Berlin police officers have been issued a 29-page guide by their head office to advise them on “discrimination-sensitive” language that must be used in all correspondence with the public, according to the local Berlin tabloid, BZ.
The Berlin State Criminal Police Office (LKA) called on the capital’s police officers to be more careful in how they describe and how they address individuals when engaging with members of the public to avoid offense.
Language should be chosen “that is not specified by the majority of the population, but by those affected themselves,” according to the tabloid, quoting an internal letter from the LKA to its staff.
Frequently used words including “refugee” and “asylum,” and phrases such as “headscarf wearer” or “mentally handicapped” should be avoided and replaced with more inclusive language.
Officers should also be careful when assuming one’s pronouns to avoid misgendering or offending members of the public.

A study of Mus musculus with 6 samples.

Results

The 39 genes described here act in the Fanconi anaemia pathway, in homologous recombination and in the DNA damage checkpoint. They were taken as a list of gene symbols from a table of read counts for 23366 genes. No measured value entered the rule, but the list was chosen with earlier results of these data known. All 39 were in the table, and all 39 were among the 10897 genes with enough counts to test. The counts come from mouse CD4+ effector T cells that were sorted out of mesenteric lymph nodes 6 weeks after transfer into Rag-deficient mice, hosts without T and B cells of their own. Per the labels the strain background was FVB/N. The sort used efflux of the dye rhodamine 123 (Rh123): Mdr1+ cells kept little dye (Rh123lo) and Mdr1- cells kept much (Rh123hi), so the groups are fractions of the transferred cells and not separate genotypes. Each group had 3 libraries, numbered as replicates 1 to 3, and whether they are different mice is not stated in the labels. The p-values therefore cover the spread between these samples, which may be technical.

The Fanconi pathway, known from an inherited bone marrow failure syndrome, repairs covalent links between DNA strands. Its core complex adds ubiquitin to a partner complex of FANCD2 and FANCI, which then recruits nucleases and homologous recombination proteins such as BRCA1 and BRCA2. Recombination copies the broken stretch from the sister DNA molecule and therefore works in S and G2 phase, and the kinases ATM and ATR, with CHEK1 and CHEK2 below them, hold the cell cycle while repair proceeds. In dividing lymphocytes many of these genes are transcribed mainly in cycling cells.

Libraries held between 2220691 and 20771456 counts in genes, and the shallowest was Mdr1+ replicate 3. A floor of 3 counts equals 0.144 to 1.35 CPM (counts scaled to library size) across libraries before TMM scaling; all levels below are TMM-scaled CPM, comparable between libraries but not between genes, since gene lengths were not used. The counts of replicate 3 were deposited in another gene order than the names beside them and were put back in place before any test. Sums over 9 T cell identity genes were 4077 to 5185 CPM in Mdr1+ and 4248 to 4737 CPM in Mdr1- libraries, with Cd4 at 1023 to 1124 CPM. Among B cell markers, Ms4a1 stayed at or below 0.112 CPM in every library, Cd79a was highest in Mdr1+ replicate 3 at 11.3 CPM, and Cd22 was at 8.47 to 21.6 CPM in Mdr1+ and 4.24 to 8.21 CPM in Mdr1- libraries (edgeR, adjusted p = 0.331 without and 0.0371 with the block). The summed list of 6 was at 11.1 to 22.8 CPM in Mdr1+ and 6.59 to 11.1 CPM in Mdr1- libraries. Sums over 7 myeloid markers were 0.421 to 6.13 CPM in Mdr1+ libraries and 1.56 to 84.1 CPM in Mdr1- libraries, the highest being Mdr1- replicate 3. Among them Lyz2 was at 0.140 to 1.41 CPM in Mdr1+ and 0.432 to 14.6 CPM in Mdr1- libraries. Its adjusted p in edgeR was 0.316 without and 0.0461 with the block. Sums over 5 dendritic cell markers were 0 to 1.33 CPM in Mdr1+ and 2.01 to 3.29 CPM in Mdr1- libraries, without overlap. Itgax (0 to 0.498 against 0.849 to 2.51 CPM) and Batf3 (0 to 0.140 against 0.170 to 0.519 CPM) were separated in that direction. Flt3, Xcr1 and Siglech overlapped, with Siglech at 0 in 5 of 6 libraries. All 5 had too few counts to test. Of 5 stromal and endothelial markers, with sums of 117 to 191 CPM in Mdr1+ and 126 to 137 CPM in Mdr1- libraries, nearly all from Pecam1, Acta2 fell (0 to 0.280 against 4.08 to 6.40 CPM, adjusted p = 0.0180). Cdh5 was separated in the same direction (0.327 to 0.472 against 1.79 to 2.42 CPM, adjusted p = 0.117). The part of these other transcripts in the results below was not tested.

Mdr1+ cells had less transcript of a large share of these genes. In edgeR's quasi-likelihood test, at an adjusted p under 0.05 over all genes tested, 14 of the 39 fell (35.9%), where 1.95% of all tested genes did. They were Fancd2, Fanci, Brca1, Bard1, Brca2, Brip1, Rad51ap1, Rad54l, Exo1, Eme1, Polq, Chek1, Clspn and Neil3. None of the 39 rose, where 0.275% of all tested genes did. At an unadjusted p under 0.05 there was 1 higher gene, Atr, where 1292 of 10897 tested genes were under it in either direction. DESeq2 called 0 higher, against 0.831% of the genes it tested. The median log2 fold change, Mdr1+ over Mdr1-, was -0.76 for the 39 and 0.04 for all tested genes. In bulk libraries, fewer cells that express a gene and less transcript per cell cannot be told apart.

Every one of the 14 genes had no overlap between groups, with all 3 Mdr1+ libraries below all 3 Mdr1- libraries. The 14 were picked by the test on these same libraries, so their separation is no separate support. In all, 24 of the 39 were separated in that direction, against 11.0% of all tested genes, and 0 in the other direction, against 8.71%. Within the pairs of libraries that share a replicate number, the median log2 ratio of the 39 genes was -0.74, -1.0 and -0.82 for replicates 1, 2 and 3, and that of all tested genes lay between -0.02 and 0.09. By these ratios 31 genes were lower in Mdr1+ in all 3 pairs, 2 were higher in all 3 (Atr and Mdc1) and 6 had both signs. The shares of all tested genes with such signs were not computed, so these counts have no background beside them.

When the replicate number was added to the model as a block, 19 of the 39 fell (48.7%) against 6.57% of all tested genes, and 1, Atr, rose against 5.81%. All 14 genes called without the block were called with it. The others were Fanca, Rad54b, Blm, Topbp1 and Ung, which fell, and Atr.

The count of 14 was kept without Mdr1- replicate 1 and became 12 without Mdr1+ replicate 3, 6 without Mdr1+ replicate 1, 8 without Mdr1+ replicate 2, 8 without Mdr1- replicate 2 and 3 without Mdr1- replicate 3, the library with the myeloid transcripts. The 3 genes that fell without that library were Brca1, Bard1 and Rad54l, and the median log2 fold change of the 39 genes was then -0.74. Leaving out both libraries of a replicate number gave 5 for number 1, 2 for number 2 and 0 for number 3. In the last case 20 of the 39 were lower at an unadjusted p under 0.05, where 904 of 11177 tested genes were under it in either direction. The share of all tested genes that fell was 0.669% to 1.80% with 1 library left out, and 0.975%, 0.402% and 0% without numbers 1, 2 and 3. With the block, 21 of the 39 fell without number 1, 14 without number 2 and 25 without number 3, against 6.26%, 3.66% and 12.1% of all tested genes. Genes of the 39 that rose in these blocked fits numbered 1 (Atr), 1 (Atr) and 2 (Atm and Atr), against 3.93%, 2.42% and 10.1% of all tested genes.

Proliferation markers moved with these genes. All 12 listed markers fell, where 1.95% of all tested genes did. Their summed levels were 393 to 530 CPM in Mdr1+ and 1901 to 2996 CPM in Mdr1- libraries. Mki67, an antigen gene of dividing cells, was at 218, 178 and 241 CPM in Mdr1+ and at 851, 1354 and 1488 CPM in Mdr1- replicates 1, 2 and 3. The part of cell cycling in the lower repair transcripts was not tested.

Terms such as “people seeking protection or protected people can be used” to refer to a refugee, or “even better: people who have fled, people seeking protection,” while police officers should refer to asylum seekers as “people seeking asylum or people seeking protection.”
The word “race” is also understood to be on the black list of undesirable terms.
“It is elementary to listen carefully and to perceive how the person concerned describes himself,” the 29-page guide tells police officers. “This self-designation and the self-chosen pronoun must be respected in any case and not questioned,” the guidance adds.
Furthermore, terms such as “migrant” should be replaced by “people with a history of migration” or “people with an international history.”